Dennis Green coaches students to get passionate about their potential
By Rick Vacek
GCU News Bureau
Dennis Green gets it.
He gets that his 2006 postgame rant after a bitter loss to the Chicago Bears, when he was the head coach of the Arizona Cardinals — “They are who we thought they were, and we let ’em off the hook!” — is still a talk radio and YouTube hit.
He gets why football fans love it when a coach, in Green’s words, blows his stack, the way Herm Edwards of the New York Jets (“You play to win the game!”) and Jim Mora Sr. of the Indianapolis Colts (“Playoffs? You kidding me?”) did before him. He said he has talked to both of them about it — and laughed about it.
But in a wide-ranging talk Thursday afternoon in the Colangelo College of Business Dean’s Speaker Series, Green spent most of his time showing students how they can get it — get motivated, get passionate about their potential and get where they want to go in life.
He was on campus thanks to Brett Mitnick, GCU’s regional director of online enrollment operations, who developed a friendship with him because of their mutual interest in fishing. Green is passionate about a lot of things, and fishing is what he calls on his “five Fs.” The others: faith, family, friends and, of course, football.
Green was excited about speaking at GCU because, he says, he loves what the University stands for. He lives in San Diego and frequently sees GCU advertisements on television.
“I think you have the most exciting commercials on TV,” he said. “If I was 18 years old, I’d be drawn to Grand Canyon.
“When I see Grand Canyon University and I see that commercial and I see ‘find your purpose,’ I see that passion. They don’t say, ‘Know your purpose.’ They say, ‘Find your purpose.’”
He took his son, a high school junior, on a campus tour last month and said he was even more impressed. He sees in the University something he tried to instill in his teams — the determination to always strive for more.
“I want — that’s a good word. A lot of people have shied away from ‘want’ because it has a negative connotation, but I think it has a great connotation. Being competitive is viewed negatively by some, but it creates dedication,” he said.
Green certainly never was lacking in the dedication department as his coaching career evolved from being an assistant at Stanford and with the San Francisco 49ers to becoming a trail-blazing African-American head coach in both college football (Stanford, Northwestern) and the National Football League (Minnesota Vikings before the Cardinals).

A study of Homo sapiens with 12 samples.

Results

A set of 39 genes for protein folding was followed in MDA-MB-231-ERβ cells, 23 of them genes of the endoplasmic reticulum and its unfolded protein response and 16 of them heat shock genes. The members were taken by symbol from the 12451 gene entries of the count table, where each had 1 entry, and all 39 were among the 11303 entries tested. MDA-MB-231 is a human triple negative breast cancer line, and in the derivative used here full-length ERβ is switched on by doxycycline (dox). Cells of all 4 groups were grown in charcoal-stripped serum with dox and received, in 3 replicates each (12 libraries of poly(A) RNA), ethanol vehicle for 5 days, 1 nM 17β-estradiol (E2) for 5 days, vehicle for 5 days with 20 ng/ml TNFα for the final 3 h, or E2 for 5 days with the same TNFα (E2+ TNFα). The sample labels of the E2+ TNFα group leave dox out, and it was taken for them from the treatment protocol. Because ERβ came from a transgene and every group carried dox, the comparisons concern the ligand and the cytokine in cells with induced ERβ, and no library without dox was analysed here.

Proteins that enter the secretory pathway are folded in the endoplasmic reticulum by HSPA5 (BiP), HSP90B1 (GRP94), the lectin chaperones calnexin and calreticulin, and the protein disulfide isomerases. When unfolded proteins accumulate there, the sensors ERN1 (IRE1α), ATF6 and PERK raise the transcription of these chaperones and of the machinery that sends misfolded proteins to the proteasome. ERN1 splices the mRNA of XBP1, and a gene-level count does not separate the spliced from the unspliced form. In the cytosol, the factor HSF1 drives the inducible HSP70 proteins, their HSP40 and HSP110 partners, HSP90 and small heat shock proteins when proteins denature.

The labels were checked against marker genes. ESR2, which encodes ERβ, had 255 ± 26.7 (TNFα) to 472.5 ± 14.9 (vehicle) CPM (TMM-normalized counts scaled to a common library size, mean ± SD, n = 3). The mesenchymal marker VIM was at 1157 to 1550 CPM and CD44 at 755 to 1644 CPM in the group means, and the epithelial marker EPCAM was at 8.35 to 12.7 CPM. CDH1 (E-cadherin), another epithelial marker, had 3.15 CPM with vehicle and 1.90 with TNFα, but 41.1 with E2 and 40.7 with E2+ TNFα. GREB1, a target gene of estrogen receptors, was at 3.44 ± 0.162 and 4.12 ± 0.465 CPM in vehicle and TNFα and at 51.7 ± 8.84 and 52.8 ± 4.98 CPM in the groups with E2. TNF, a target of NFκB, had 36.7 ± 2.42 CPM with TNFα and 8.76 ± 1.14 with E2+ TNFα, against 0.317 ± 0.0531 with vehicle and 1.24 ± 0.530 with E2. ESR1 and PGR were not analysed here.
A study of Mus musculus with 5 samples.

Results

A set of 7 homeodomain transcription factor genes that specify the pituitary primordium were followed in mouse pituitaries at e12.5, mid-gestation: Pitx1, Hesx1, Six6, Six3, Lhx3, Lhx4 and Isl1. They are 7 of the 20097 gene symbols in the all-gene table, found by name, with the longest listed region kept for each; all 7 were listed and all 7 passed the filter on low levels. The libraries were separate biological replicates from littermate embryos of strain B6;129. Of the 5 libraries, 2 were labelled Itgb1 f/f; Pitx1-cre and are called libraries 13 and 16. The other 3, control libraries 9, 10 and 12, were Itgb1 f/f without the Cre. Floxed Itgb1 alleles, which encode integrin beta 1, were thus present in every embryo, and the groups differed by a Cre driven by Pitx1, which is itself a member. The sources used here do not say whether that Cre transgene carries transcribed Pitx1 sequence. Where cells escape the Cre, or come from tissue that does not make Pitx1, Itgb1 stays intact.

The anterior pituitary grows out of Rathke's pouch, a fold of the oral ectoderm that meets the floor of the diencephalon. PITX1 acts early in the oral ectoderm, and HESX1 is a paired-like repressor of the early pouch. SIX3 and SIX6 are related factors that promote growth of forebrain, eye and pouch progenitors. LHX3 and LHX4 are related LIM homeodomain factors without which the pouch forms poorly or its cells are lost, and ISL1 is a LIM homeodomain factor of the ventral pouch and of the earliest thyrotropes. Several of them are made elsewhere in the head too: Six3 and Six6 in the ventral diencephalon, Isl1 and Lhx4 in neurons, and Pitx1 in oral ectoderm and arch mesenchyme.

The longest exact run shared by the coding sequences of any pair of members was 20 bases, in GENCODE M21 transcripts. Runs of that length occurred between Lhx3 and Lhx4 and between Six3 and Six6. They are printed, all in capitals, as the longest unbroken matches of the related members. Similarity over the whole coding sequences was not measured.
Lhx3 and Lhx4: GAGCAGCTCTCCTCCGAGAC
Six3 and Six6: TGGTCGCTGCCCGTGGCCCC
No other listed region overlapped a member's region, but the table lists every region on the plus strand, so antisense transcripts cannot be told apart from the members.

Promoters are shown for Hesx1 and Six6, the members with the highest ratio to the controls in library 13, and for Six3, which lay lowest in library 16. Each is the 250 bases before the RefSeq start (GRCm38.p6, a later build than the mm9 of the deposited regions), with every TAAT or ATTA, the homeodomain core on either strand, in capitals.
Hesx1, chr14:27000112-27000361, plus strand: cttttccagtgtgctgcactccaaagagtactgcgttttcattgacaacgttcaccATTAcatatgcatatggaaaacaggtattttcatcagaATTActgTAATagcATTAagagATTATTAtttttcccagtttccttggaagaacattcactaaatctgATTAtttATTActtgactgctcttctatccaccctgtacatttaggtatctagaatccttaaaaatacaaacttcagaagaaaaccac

He said he owes much of his success to Bill Walsh, the late Stanford and 49ers coach who was passionate about bringing diversity to the profession. Walsh hired him at Stanford and then brought him to the 49ers when he moved up the road.
He most admired about Walsh the way he found and helped develop players. Walsh also worked to develop coaches, and Green took that mentoring to the next level and beyond. He doesn’t lack for opinions and wise sayings about what it takes to succeed.
Green said that, as a coach, “I was always trying to come up with sayings and goals,” such as the importance of assessing SWOT (strengths, weaknesses, opportunities, threats) and the three Ds (desire, dedication, determination). He went out of his way to be forthright and instructive.
“I like having coaches come here to speak because they try to relate to everyone in the room,” said Dr. Brian Smith, director of the Colangelo School of Sports Business.
Part of relating, in Green’s case, was answering a lot of football questions during a spirited give-and-take with the packed audience at Howerton Hall. For example, a student wanted to know his thought process behind drafting troubled wide receiver Randy Moss when he was with the Vikings. Moss had been in trouble with the law, but went on to have an outstanding NFL career.
“I got a lot of speaking engagements from that because a lot of companies have a Randy Moss,” Green said. “The superstar will act out because of his confidence on the outside and his insecurity on the inside.”
It was inevitable that Green’s “They are who we thought they were” blowup would be a discussion topic Thursday, and he was the one who brought it up, in response to a question about his lowest moment as a coach. He explained how it happened — a reporter kept asking different versions of the same question about the Bears’ supposed superiority — and Green finally blew his stack.
“I just didn’t feel like holding it in anymore,” he said.
Much to the audience’s amusement, he voluntarily repeated the rant at full volume, which he finds much easier these days now that he’s an ex-coach and in private business. He noted that photos of him on the sidelines never show him smiling. “Since I stopped coaching, I smile all the time,” he said.
But he still loves coaching — about life. Asked what advice he has for students on that front, he said, “The No. 1 thing is do what you love. You’ve got an incredible University here. The whole concept, I definitely love. This is here because of your principles, integrity and good moral fiber.”
Green likes it so much he stayed for the GCU men’s basketball game Thursday night. One thing you can say about Dennis Green: He is who you think he is — and the students were fortunate to hear from a guy who doesn’t let high standards off the hook.
Contact Rick Vacek at (602) 639-8203 or firstname.lastname@example.org.